Most Americans inadvertently finance trafficking and slavery through the products we buy every day – from cocoa and coffee to cars, computers, carpets, cell phones and clothing. A new website, launched today, helps consumers, investors, policymakers and companies learn what major corporations are doing about it.
The KnowTheChain website evaluates 500 manufacturing and retail corporations that are required to disclose if they are addressing slavery in their product supply chains. The companies must post this information on their own websites under a California law that took effect last year.
The Know The Chain team has been reviewing these disclosures. They are now posted in one convenient place. Free the Slaves is a partner in the project.
“No consumer, investor or company should be connected to slavery,” says FTS Programs Director Karen Stauss. “When companies comply with the law, it is a first step toward improving corporate behavior because it gives consumers and investors the information they need to make choices. KnowTheChain is an important contribution to that process by telling us which companies are taking that first step of transparently disclosing what they are doing.”
The information for the KnowTheChain website comes from corporate disclosures mandated by California SB-657, the California Transparency in Supply Chains Act. The law took effect last year. It directs retail establishments and manufacturing firms who do business in California and have more than $100 million in global revenue to publicly disclose if and how they are addressing slavery and trafficking in their supply chains. Because California is America’s largest state economy, the measure affects nearly all major stores and manufacturers throughout the U.S.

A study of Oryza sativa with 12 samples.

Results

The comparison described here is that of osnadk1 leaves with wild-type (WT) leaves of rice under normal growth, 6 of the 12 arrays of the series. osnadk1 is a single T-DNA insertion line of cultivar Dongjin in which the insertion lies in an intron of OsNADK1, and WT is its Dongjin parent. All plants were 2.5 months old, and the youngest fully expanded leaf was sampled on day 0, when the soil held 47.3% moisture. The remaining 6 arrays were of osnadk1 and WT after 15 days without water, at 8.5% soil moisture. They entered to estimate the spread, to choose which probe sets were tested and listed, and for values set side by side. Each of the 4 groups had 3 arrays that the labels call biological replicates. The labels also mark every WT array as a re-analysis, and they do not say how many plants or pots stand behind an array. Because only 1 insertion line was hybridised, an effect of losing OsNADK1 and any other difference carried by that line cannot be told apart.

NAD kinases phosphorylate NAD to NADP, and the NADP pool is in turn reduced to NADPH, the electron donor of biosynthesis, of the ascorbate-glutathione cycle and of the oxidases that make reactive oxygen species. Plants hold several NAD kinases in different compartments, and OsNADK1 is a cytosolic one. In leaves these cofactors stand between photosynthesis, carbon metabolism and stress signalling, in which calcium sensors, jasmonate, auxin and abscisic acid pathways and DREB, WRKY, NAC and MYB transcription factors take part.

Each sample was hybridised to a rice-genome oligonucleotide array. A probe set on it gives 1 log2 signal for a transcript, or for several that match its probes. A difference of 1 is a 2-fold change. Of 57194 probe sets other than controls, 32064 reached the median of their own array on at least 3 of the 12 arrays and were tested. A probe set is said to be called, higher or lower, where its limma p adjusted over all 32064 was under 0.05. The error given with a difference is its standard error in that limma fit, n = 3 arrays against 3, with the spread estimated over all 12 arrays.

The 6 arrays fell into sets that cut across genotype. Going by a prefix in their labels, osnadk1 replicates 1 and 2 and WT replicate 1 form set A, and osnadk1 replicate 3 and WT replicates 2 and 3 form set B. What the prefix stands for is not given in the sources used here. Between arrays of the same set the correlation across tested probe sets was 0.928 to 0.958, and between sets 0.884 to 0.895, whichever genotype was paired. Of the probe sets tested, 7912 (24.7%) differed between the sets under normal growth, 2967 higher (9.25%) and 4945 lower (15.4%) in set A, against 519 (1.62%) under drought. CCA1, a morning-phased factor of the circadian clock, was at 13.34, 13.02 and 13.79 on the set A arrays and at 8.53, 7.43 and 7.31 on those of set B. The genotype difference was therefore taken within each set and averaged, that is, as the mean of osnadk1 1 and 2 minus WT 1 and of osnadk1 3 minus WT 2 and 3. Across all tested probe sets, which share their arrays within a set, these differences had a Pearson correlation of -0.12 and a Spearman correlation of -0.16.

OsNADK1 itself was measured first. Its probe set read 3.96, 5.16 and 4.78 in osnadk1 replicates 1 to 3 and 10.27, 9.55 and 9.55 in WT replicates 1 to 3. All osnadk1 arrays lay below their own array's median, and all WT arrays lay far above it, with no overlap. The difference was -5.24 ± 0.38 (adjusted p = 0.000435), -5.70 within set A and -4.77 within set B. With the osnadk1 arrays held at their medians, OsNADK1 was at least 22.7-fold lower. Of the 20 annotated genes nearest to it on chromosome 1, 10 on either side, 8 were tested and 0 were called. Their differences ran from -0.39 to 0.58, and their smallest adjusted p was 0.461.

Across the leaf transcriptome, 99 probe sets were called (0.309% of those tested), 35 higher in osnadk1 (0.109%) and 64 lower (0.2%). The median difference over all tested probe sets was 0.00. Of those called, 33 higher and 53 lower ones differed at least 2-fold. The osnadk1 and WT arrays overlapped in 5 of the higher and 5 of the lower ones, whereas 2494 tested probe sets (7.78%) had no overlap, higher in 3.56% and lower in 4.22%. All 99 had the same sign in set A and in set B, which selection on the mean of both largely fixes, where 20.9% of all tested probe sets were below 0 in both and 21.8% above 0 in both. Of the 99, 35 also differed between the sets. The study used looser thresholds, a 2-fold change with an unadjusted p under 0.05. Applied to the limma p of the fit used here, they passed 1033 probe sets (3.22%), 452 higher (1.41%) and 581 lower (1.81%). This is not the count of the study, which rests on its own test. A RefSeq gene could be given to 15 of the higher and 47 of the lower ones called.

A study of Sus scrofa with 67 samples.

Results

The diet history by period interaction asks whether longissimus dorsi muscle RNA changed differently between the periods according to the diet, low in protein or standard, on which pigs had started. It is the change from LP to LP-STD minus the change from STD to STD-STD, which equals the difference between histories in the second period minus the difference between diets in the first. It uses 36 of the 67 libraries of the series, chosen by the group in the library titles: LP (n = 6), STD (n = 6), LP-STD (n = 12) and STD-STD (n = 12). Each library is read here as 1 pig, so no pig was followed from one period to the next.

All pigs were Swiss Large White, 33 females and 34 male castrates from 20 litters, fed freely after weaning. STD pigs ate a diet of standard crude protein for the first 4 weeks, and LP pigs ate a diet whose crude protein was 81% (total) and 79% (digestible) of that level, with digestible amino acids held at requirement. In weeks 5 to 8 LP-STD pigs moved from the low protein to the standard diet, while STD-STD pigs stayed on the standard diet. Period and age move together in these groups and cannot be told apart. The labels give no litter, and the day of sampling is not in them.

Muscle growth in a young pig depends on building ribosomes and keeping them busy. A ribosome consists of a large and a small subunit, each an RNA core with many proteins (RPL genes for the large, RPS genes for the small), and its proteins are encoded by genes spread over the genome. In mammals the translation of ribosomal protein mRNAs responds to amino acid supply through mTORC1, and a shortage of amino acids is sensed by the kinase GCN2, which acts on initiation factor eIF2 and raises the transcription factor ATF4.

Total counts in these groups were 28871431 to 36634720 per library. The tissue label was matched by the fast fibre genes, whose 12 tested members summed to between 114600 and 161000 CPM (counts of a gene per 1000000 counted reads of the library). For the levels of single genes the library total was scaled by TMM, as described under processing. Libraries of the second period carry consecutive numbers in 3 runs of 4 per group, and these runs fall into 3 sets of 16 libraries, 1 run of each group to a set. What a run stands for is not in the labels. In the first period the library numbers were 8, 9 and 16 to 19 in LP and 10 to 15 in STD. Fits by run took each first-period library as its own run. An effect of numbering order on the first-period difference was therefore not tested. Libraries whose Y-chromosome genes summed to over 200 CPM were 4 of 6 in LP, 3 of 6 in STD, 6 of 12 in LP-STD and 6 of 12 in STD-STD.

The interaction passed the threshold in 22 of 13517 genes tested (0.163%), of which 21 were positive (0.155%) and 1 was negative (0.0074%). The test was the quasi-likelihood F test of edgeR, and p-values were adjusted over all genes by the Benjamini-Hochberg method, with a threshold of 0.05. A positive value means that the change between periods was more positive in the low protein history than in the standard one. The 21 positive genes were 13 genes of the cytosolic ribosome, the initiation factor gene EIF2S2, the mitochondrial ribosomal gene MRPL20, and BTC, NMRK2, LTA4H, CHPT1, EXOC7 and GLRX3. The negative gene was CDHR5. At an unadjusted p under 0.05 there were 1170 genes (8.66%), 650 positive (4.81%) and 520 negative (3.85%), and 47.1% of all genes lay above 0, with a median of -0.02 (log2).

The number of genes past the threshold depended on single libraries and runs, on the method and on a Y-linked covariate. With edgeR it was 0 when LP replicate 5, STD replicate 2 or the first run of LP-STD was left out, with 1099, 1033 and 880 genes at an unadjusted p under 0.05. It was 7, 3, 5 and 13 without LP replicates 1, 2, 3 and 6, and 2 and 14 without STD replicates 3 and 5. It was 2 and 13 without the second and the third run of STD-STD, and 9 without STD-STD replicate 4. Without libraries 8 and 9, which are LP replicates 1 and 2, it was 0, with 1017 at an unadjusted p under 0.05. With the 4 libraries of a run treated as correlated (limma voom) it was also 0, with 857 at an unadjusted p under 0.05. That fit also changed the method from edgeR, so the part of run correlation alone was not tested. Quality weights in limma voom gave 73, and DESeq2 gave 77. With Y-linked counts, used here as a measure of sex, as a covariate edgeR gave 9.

The KnowTheChain team looked at how well companies are doing on verifying and auditing their product supply chains to know where their products and raw materials come from, and whether companies are training their staffs to look out for slavery-tainted goods and requiring suppliers to certify that their operations are slavery free.
So far, 350 out of 500 major companies evaluated by the team have complied with the law.
The website’s information is not an endorsement of the companies who have complied, nor a call to boycott those who haven’t. Instead, KnowTheChain is intended to be a first step toward fostering discussion, advocacy and compliance.
“The next steps will be to demand that those who are not complying, must comply by disclosing information, and to demand that all industries do more to address the problem of slavery connected to their business,” says Stauss. “We are also seeking a federal law that will build on the California law by clearly defining the full extent of the product and labor supply chains.”
Learn more about national efforts to require corporate disclosure on the Alliance to End Slavery and Trafficking (ATEST) website.
Check out the Free the Slaves short video on how companies can structure responsible slavery disclosure programs on our website.